The tests reported here show that diversity is constrained and provide direct evidence of the major mechanism. When diversity is high for any reason, extinction rates rise both in the same interval and the immediately following ones. When diversity is low because of a preceding major mass extinction, origination rates rise. Because the relationships are temporally offset, the direction of each causal relationship is clear. Extinction seems to be forced by some aspect of rising biodiversity, but the reverse is not

222 / John Alroy true. Meanwhile, origination seems to be spurred by the emptying of many niches at once but origination bursts do not cause those niches to be emptied rapidly later on.

The only clear-cut processes that could create such responses are ecological interactions, such as competition and predation, that affect the overall probability of speciation and extinction. Presumably, these interactions influence attributes of species, such as population size, population density, and geographic range size, that are not properties of individual organisms regardless of whether one wants to call them emergent or aggregate (Jablonski, 2000). Density dependence therefore may intensify differential reproduction of species based on traits that are likely to be heritable between species, again, regardless of whether one wishes to call this process species selection or sorting.

None of these results imply that density dependence is the sole governing mechanism of diversification. Quite the contrary, there is much variation left in both the diversity data and the turnover rates that might be explained by other factors, such as short-term perturbations [e.g., bolide impacts (Raup, 1992)] and longer-term changes in the environment [e.g., sea level (Peters and Foote, 2001; Peters, 2006)]. The analyses also only pertain to genera common and widespread enough to be recovered in the fossil record, and the diversity of rare genera may be modulated by different mechanisms. Finally, a finer timescale might make it possible to demonstrate more complicated patterns, such as periodicity (Raup and Sepkoski, 1984). However, the current number of data points should have been enough to demonstrate any biologically important patterns of this kind, and indeed it is sufficient to demonstrate the relationships leading to a dynamic equilibrium.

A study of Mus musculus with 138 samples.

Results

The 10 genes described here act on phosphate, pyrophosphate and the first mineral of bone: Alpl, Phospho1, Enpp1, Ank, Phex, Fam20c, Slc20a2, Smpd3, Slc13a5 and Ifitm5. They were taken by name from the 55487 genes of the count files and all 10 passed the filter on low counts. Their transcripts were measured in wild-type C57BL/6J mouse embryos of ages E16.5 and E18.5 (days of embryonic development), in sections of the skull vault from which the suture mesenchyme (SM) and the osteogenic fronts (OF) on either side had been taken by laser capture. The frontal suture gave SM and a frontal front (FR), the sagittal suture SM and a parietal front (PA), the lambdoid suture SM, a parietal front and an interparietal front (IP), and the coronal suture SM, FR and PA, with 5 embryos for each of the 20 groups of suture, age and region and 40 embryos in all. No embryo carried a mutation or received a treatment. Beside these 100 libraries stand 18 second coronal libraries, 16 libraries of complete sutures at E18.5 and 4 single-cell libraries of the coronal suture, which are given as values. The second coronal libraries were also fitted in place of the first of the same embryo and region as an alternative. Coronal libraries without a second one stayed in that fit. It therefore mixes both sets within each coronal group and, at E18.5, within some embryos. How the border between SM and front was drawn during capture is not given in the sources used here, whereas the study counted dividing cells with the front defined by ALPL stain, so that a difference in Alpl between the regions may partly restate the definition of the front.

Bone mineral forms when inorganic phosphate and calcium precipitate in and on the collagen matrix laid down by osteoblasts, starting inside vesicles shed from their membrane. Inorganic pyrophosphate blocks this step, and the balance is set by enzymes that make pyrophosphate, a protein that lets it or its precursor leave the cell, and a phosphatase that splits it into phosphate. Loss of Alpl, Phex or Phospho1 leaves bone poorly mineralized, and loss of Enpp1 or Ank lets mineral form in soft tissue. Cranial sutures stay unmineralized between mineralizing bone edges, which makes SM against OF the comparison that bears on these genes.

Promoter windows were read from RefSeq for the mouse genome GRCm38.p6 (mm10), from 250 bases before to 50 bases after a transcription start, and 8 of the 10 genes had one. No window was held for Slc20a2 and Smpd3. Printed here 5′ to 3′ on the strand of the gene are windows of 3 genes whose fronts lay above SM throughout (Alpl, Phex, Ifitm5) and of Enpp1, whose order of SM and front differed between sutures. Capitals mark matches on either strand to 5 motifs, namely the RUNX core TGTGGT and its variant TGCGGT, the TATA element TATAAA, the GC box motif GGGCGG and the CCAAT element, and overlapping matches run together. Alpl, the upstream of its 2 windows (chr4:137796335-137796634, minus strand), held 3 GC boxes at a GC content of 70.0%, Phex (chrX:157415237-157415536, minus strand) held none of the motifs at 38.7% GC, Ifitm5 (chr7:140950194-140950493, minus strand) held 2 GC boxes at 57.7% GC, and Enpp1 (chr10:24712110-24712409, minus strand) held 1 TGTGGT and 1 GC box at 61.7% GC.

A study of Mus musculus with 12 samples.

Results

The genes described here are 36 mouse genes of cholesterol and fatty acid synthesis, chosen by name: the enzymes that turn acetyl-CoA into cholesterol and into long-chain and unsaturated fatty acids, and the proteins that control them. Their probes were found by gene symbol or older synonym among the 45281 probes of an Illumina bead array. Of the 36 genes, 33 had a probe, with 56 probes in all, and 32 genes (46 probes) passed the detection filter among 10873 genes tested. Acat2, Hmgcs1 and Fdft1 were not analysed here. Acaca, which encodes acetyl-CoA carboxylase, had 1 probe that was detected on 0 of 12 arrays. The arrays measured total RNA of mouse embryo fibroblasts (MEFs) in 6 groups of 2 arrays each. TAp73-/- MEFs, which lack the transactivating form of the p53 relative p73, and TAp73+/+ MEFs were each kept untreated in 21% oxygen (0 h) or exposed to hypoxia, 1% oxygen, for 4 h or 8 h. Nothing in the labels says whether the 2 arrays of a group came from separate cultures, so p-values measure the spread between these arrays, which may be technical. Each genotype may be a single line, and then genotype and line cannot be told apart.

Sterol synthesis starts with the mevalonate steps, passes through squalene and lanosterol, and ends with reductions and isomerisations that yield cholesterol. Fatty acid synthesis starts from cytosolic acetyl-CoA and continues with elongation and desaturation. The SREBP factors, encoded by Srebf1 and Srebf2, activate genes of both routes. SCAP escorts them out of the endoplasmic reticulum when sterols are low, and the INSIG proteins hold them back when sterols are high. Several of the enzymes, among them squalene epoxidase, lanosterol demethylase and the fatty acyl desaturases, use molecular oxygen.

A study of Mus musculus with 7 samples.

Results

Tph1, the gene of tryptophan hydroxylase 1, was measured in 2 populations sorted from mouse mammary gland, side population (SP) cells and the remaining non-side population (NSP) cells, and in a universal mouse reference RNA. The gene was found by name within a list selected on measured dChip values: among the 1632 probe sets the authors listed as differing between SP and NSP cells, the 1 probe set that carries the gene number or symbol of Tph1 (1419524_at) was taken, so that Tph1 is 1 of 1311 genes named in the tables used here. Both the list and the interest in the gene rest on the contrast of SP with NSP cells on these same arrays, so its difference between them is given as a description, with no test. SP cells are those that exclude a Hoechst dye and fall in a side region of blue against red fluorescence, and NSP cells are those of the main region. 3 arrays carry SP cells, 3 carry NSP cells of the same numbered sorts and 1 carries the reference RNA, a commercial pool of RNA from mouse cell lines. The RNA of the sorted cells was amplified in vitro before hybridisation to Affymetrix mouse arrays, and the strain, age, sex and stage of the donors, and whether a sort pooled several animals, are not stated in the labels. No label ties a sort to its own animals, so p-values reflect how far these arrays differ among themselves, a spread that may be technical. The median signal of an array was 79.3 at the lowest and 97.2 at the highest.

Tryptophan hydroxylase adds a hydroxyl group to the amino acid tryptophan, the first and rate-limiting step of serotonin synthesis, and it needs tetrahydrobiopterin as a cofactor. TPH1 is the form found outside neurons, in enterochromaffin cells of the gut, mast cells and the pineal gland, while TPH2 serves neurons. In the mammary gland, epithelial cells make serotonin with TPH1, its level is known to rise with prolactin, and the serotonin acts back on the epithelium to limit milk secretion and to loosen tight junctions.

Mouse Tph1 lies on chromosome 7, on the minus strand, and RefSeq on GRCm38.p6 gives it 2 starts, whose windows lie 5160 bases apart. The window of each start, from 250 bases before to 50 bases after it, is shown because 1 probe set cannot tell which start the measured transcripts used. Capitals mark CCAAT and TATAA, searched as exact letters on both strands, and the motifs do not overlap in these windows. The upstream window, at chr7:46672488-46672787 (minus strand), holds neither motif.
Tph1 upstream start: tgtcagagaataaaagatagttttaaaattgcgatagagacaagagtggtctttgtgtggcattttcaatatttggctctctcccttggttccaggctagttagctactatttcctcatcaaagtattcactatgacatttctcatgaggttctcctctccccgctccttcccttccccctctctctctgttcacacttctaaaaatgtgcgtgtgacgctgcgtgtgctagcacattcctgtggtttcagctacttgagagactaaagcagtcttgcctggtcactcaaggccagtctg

There are also dangers in misinterpreting the fact that diversity is regulated. On the one hand, the relevant correlations weaken considerably if the diversity data are not detrended. Thus, not only is the equilibrium dynamic, but the underlying equilibrium point evolves through time. On the other hand, the fact that a recovery in sheer taxonomic diversity will occur does not give cause for optimism about the current crisis. Any recovery will be unimaginably long on a human timescale and substantially protracted on a geological timescale. It also is clear that major mass extinctions in the past have led to enormous changes in taxonomic composition, trophic diversity, and body mass distributions that have effects for not merely tens of millions but hundreds of millions of years (Sepkoski, 1981, 1996; Jablonski, 1986a; Alroy, 2000; Todd et al., 2002; Payne, 2005). Finally, the numerous anthropogenic causes of today's mass extinction are deeply unrelated to the known causes of earlier ones, so we may never be able to predict much more about the next geological era beyond the general pace of recovery in numerical terms.